RICHFORD — To gear up for the Summer Olympics in Brazil this August, students from Berkshire Elementary School and Richford Junior Senior High School traveled back in time, learning about the history of the games and Ancient Greece for this summer’s Humanities Camp program.

The Vermont Humanities Council chose Richford Junior Senior High School as well as eleven other schools in the state to host the week-long summer camp, which focuses on reading, discussion and fun activities that bring learning to life.

With the theme “Ancient Greece and the Olympiad,” campers aged 11 – 14 learned about the culture, customs and cuisine of Greece, ancient Greek myths and Olympic sports that can be traced back the first games in 776 BC.

Throughout the week, the campers read sections of Percy Jackson’s Greek Gods and The Lightning Thief.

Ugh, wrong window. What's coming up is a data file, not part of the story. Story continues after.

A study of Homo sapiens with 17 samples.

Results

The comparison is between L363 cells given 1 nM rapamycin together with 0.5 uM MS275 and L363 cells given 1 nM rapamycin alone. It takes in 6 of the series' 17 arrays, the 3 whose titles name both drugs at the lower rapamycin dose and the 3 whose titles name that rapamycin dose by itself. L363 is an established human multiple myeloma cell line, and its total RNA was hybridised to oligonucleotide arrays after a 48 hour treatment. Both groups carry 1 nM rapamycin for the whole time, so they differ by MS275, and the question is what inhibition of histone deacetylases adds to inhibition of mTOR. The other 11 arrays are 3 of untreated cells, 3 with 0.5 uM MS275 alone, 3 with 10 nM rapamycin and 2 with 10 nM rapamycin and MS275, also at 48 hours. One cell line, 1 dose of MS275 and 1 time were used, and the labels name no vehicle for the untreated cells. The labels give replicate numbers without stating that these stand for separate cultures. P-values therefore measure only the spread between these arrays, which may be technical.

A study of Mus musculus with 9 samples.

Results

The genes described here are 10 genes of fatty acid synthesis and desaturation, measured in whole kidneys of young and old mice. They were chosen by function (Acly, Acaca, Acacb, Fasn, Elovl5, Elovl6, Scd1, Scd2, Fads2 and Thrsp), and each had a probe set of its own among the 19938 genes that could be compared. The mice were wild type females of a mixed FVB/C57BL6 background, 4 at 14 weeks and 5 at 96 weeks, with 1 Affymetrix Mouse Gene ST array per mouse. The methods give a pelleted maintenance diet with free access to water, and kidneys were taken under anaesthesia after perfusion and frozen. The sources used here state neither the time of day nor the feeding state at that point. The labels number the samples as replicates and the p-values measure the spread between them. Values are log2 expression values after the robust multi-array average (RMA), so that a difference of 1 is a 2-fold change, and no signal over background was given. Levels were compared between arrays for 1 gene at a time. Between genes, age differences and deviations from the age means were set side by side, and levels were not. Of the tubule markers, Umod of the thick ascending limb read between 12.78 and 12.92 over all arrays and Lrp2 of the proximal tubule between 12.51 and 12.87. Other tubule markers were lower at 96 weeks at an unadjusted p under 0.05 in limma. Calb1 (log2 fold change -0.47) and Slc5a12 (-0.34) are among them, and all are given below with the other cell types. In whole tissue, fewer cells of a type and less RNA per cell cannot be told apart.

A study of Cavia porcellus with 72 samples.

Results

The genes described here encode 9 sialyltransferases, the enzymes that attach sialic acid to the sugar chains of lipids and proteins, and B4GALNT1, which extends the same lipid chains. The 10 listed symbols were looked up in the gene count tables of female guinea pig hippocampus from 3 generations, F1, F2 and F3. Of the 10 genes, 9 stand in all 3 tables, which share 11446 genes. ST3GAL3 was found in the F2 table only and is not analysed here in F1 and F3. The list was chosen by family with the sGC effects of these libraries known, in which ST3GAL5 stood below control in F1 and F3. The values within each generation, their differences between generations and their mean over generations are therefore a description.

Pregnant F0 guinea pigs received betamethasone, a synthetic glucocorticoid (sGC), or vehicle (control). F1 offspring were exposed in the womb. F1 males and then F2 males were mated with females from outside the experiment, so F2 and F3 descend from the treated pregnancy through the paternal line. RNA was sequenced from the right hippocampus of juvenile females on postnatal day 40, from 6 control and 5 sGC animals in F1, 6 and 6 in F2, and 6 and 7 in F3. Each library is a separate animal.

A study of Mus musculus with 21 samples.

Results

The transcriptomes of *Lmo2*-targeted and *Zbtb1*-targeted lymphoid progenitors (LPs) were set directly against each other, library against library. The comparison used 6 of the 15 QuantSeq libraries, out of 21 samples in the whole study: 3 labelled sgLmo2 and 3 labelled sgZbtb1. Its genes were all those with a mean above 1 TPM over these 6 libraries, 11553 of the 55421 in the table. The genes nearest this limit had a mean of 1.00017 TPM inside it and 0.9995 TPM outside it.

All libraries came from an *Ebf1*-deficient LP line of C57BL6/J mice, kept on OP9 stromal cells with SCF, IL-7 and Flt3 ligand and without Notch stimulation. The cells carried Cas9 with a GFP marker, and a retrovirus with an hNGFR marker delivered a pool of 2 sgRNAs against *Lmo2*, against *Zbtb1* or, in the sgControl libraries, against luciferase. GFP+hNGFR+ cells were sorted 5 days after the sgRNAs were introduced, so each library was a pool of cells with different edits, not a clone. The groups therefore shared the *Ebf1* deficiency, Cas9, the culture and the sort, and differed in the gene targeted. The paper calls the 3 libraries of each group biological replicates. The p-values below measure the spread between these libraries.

On Tuesday, after sampling homemade pita chips, the campers went out back to the tennis courts to burn off some energy playing Medusa tag.

In this form of tag, one camper is chosen to play Medusa who has the power to stop other campers in their tracks with the touch of a hand. In Greek mythology, anyone who looked at the face of Medusa would turn into stone.

Another camper is chosen to play Athena, the goddess of wisdom, courage and heroic endeavors. Any frozen camper that is tagged by Athena is once again free.

The game is an active, creative way to reinforce lessons about goddesses, their origin and their relationships to other gods and goddesses from earlier in the week.

After Medusa freeze tag, campers made their way to the open fields at the back of the school to learn field sports including javelin, discus and shot put. Then the kids went on to participate in relay races and try and jump over hurtles.

At the end of the week, the campers will choose a god or goddess and create a product that is well suited to the divine entity. Then the campers will present what they have learned about the god or goddess and their product to an audience.

In celebration, the campers will take a trip to Johnston State College to swim in an Olympic sized pool.